Now that the blogs on sports performance slowed down and the hype is died off a bit, I decided to do some careful reflection on some of the work of Guy Voyer from the late 90s. What I wanted to do was see what the impact of various seminars and conferences had on me. If I wrote my workout on Friday, what would Monday’s changes be after the weekend course or seminar? Would the big picture be much different? In the profession of sports training I see a lot of bias and rewriting of history, and now everyone is an expert of fascia. Some coaches is claiming varied vector training is being done with their athletes. Some are suggesting that they are doing fascial fitness with athlete X. My question is why wasn’t this shared years before? Perhaps we are better at describing training or sharing how training works, but are we making training work better? Does the training results actually improve? Here are 3 thoughts on fascia:
(1) Squatting Deep and Heavy – I watched at the University Gym in 1997 an Australian athlete squat all the way down to the floor with perfect form. It was the best squat I ever saw in terms of load and mechanics. My first reaction was fear, as I was more exposed to butt to bench vs you know what to grass as knee health was brought up with many coaches. Currently I think a heavy front or back squat pain free is the biggest assessment you can have because of all the demands necessary to do it well. Remember some sedentary people will have mobility scores similar to elite athletes but very few people in the athletic population can squat deep correctly with 2 x BW.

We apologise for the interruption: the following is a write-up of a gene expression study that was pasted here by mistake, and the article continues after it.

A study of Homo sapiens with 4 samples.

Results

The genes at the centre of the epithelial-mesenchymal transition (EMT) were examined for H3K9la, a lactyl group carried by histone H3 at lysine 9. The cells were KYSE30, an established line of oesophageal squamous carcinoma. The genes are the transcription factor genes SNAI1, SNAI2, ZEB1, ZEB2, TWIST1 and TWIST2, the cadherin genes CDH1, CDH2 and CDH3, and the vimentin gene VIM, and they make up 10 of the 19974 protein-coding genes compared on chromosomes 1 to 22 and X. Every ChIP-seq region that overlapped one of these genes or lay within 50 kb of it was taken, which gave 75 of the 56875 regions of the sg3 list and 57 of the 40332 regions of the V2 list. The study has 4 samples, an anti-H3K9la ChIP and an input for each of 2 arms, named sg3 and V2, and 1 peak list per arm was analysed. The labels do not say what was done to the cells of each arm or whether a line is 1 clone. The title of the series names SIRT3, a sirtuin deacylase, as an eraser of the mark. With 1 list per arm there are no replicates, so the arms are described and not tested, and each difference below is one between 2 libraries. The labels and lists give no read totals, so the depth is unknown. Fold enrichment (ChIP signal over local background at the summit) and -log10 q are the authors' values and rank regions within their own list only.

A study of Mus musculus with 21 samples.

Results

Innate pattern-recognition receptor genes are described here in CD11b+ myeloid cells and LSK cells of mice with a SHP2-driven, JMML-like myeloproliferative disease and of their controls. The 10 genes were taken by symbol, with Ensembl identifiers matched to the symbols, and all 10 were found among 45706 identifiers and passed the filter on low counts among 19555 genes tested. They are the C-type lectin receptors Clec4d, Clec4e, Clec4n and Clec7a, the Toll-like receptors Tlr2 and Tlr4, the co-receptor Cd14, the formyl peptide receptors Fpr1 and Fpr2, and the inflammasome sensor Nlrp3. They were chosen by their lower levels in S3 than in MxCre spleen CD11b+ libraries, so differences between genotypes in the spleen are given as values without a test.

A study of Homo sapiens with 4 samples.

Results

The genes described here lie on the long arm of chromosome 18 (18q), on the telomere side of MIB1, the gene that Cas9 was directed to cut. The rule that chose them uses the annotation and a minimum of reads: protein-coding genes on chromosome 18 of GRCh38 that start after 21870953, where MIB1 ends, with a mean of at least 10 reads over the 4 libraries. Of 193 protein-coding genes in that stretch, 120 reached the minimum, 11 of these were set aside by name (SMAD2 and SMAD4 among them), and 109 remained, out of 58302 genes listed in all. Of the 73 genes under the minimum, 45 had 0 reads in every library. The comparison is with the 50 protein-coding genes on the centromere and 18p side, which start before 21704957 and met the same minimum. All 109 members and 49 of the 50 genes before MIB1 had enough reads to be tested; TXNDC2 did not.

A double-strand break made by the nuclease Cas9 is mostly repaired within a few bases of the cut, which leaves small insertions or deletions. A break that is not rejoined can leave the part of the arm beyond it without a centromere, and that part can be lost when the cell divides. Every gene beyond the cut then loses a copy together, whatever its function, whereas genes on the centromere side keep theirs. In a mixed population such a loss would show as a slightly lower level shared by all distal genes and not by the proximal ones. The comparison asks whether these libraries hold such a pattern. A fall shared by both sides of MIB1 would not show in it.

(2) Yoga- What if you had a PHD, olympic lifter, and yoga instructor all into one? I spoke to a guy that was just that composition about real mobility. After the Sydney Olympics ironically, Meridian Stretching was brought up because stubborn areas with athletes seemed to make great progress with the stretches that Dara Torres did. After discussions with coaches we joked about Vertical Integration Stretching by using alternating methods of stretching with some yoga-like movements. I will get back to more specific programming this year as it will not add more time to the training and it will be interesting to see if the lower body flexibility increases more.
(3) Biochemistry and Biomechanics- The research on timing of exercise has hinted that adaptations are highly dependent on order or sequence of training. The research on fascia shares the unique sensitivity to specific chemistry of the body in order to elongate it. Often one must weigh the entire sequence of training and see what combination will reap the biggest benefits. This is the most tricky. I think those that follow the conventional process ofdynamic–>Speed–>Power–>Strength–>Mobility will see greater changes in joint performance scores.